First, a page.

In the Energy Department's National Nuclear Security Administration, (NNSA), officials of nuclear weapons programs try to keep them out of the limelight. But extending the life of the B61 is attracting all kinds of unwanted attention.
The cost of the nuclear bomb has doubled, with estimates now projecting that the weapon designed to defend Europe could cost $10 billion. On top of the weapon's ballooning price tag, the Air Force is working on a $1.2 billion tail kit program that adds a limited guidance capability to the bomb. And the arms control community is starting to buzz about the implications.
News about the B61's cost growth and two-year schedule delay is gaining traction on Capitol Hill. The concern among lawmakers could have implications for the program and the NNSA that oversees the U.S. nuclear force.
B61 bombs are the oldest in the U.S. stockpile. They entered the force in the 1970s, and can be used on fighter jets and long-range bombers. The arsenal has five different versions, both strategic and tactical, focused on protecting NATO members.
The latest life-extension program (LEP) aims to extend their life, merging four of those variants, all with different-sized explosive capabilities, into the B61-12. The B61-12 would draw on the design of the smallest nuclear explosive, or yield, weapon. The administration says using one variant will save money, and the B61-12 weapon would add an advanced security system to prevent unauthorized access to the weapons.
A wide range of players within the nuclear weapons complex are involved in the life-extension program. According to areport from 2011, Los Alamos National Laboratory in New Mexico and Sandia National Laboratory—run by a subsidiary of , in New Mexico and California—are directly involved in designing the refurbished B61. NNSA's Pantex Plant in Texas is tasked with assembling key subcomponents of the refurbished bomb. Additional work is completed at the Kansas City (Mo.) Plant. And a host of contractors, including Lockheed Martin and , are vying for the right to assemble the tail kit.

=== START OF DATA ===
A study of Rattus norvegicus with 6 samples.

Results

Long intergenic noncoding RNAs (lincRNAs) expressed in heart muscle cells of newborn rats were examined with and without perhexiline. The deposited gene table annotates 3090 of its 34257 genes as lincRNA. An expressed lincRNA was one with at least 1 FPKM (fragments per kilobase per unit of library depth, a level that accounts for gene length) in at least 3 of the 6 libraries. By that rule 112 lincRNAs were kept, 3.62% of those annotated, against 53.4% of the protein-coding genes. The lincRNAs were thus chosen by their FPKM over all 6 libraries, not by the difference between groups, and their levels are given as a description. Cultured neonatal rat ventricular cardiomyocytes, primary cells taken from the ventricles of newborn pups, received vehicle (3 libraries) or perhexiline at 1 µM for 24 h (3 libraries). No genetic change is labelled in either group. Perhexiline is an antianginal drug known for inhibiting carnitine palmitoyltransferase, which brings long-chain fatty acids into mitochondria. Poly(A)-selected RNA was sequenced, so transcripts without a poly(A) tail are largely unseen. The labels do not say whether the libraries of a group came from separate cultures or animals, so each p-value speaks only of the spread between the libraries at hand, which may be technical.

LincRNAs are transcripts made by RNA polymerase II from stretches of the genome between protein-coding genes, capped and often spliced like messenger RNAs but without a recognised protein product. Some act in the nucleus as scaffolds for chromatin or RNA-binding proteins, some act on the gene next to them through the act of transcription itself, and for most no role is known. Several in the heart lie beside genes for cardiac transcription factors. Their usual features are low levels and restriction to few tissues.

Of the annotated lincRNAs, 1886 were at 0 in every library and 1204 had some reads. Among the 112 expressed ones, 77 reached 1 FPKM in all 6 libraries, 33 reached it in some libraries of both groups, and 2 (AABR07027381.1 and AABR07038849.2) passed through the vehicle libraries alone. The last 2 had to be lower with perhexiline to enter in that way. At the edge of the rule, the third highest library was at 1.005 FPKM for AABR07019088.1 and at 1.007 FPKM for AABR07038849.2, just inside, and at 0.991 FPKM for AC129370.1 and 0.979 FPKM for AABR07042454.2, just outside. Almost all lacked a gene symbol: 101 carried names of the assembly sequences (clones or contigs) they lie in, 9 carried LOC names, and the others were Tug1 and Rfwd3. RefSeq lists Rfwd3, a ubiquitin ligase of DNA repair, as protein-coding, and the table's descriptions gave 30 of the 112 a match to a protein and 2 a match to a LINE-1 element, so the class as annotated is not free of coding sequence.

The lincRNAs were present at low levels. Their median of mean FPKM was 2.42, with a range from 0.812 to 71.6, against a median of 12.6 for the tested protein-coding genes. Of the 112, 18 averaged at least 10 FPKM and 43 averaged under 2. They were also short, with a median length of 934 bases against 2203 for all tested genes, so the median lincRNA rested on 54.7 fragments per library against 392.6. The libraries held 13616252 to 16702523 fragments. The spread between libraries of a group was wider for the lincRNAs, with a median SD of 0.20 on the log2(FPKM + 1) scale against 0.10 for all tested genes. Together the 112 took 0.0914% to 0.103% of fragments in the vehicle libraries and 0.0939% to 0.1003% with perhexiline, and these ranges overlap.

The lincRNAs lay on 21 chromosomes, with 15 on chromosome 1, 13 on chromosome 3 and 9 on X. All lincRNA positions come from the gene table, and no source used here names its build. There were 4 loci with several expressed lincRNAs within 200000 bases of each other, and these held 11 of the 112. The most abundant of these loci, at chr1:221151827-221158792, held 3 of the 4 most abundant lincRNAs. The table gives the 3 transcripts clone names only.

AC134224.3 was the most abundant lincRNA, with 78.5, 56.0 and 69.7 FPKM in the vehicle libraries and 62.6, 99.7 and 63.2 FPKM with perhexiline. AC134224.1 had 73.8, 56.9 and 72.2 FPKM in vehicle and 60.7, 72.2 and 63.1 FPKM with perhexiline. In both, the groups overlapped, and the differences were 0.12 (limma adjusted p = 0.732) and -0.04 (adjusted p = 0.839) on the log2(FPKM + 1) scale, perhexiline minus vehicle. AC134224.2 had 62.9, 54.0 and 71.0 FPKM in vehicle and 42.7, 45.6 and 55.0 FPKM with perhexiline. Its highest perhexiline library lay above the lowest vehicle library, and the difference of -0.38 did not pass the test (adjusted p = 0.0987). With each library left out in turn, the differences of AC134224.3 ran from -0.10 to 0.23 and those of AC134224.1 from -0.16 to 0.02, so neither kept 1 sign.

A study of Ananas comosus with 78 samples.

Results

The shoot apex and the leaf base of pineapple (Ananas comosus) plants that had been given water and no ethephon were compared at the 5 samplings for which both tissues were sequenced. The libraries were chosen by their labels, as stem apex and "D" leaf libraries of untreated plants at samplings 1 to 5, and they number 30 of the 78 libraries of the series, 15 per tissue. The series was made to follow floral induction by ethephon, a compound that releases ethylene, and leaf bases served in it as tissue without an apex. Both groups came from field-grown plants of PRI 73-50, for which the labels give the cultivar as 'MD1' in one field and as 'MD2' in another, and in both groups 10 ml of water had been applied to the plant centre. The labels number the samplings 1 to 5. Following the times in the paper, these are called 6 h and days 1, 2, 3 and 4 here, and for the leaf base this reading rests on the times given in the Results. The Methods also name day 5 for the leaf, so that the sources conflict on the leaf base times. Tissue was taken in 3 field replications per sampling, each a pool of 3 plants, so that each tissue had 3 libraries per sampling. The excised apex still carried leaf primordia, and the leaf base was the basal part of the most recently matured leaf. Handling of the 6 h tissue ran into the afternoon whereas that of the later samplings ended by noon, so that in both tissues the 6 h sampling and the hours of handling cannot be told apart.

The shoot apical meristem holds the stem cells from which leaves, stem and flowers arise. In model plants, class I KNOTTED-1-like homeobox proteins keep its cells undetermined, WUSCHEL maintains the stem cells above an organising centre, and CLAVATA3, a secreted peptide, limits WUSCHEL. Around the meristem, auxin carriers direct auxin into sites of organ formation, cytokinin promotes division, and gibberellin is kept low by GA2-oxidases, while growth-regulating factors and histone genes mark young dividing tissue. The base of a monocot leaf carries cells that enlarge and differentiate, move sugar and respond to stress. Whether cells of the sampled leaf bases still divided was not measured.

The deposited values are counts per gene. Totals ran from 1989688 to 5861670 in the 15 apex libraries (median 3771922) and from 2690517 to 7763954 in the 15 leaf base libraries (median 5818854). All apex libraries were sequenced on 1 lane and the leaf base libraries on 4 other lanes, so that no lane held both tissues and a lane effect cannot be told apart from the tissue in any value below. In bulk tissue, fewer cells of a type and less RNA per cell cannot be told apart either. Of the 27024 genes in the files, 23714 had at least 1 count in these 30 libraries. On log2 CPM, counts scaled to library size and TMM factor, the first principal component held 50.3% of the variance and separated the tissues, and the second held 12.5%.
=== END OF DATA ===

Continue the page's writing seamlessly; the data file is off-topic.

Sen. Diane Feinstein (D-Calif.), the chair of the Senate Appropriations energy and water subcommittee, received information on the cost growth from the NNSA and the Pentagon's Cost Analysis Program Evaluation (CAPE). On the heels of CAPE's $10 billion program estimate, she is vowing to increase oversight.
“We have to find a way to stop this from happening,” Feinstein said. “We've asked that we receive monthly reports, that one person be put in charge . . . . The purpose of that is to make people solve problems quickly, before they are left and they just continue to grow.”
The outsized cost of the B61 has already had an impact on other parts of the arsenal. The administration has slowed work on other programs, including the W76 warhead, used on the Navy's Trident D5 submarine-launched weapon system, according to a congressional aide.
And the cost and schedule slip-ups have some blaming the NNSA. Rep. Michael Turner (R-Ohio), the chairman of the House Armed Services strategic forces subcommittee, says the cost growth is evidence that NNSA is “incapable of performing its basic mission.”
“For the third time in two years, NATO reaffirmed recently that it wants U.S. forward-deployed tactical nuclear weapons to remain in Europe,” Turner said last week. “Yet, we are faced with the risk, of our own doing, that we may fail to honor that commitment. Why? Because the latest NNSA estimate is that this LEP, originally projected to cost $4 billion is now going to cost at least $8 billion, and, while it has already been delayed once by NNSA, from fiscal 17 to fiscal 19, there is a risk of further delay.”
The Air Force is also working on a $1.2 billion tail kit program that would add a guidance capability. A competition among top contractors for assembly of that tail kit is already underway, and the service expects to award a contract by the first quarter of fiscal 2013.
The Air Force stresses that the tail kit would not use GPS or provide “precision” level accuracy similar to a. Rather, it would “maintain the current military effectiveness given the reduction in yield.”
Merging the four versions of the B61 into one has been used to argue for removing more nuclear material from the arsenal.
But movement to lower-yield, more precise nuclear weapons is a shift that is only now coming into public view, says Hans Kristensen, director of the Nuclear Information Project for the Federation of American Scientists. In the past, movement toward more precise and even lower-yield nuclear weapons has been rejected by Capitol Hill. “Suddenly this weapon becomes more useable,” he says.